Friday, July 17, 2015

Inside Out

This new Disney Pixar animation was a winner with all five of us when we saw it last week. Told through the emotions of an 11 year old girl, Riley - we hear the perspectives of the 5 major feelings she has: Joy, Sadness, Anger, Disgust and Fear, all who control her brain headquarters. Throughout a happy childhood with a strong family, good friends, fun playing ice hockey and general fun times, Joy has ruled the roost until now. She has helped the other feelings find moments of happiness and tried to downplay all the sadness, anger, fear, etc.

But when Riley’s family moves to San Francisco, everything is turned upside down. Joy gets accidentally locked out of the brain control room with Sadness, and the rest of the movie is then trying to get back to Headquarters where Anger, Fear and Disgust are trying to keep things running smoothly. At the same time we see Riley trying to cope with her world changing – house, school friends and how she is managing (or not) with it all.

The movie makers have done an excellent job of illustrating each of the five feelings, from Joy’s yellow spiky cheerful nature, to Sadness’s dumpy blue, red Anger’s fiery head when provoked, Fear’s angular anxiousness at everything and green Disgust’s distaste at the general world. Adults and children will recognise and associate with each easily. Even more impressively was how they manage to explain in an understandable way how the mind works: how memories are made and stored, how imagination works, our subconscious, dreams, etc. For the majority of us with no specific knowledge in this area, this is probably as good a representation as we are likely to get that we can comprehend and later recall. We have referred to it as a family in the last week to illustrate a point, such as how a memory fades or imagination works.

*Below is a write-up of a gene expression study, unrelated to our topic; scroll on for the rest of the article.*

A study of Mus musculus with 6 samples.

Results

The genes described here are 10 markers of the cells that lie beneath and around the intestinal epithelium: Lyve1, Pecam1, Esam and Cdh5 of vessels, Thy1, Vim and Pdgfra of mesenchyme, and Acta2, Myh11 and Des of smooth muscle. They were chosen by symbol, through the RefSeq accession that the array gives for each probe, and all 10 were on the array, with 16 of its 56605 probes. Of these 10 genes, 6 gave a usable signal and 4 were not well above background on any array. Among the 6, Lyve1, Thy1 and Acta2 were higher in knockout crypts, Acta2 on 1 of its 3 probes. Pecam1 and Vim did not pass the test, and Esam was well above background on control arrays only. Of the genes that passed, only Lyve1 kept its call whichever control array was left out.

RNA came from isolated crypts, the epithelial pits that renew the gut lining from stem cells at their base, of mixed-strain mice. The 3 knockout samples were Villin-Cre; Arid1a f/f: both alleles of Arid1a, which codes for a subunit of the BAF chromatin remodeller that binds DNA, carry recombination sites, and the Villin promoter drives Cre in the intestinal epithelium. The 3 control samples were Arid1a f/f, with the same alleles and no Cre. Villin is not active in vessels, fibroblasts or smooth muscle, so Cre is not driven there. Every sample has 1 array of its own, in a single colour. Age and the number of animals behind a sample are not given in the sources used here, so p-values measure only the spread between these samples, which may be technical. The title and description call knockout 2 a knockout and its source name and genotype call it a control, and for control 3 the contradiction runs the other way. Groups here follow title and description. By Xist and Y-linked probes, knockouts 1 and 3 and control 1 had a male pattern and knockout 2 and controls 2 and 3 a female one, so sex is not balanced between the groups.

Kids watching this will be helped to realise that the emotions they feel are real: true joy at points, yet also true sadness and hurt along the way.  We also see that as we get older emotions are more often complex and multilayered: some memories are happy and sad; and anger, fear and disgust can help us out at times. For me, one of the best aspects of the story line was that it was the strength of her family relationship that held it all together at the end.

The main point of correction we talked about afterwards was that the feelings inside you don’t control you. When my daughter said: “Anger pushes the button and that’s why you get angry”, we thought “uh oh, no – not at all!” So we talked about how that is not the case: your feelings don’t control your reactions, rather you are in control of your reactions. It’s normal and natural to have feelings of fear, anger, sadness and so on, but how you choose to act on them is always your decision. It led to yet another discussion about self-control and how we are always responsible for our reactions, a conversation we seem to be having often at the moment!

I highly recommend seeing this one with your kids. All three of ours (ages 12, 10, & 7) enjoyed it and it provoked good discussion afterwards.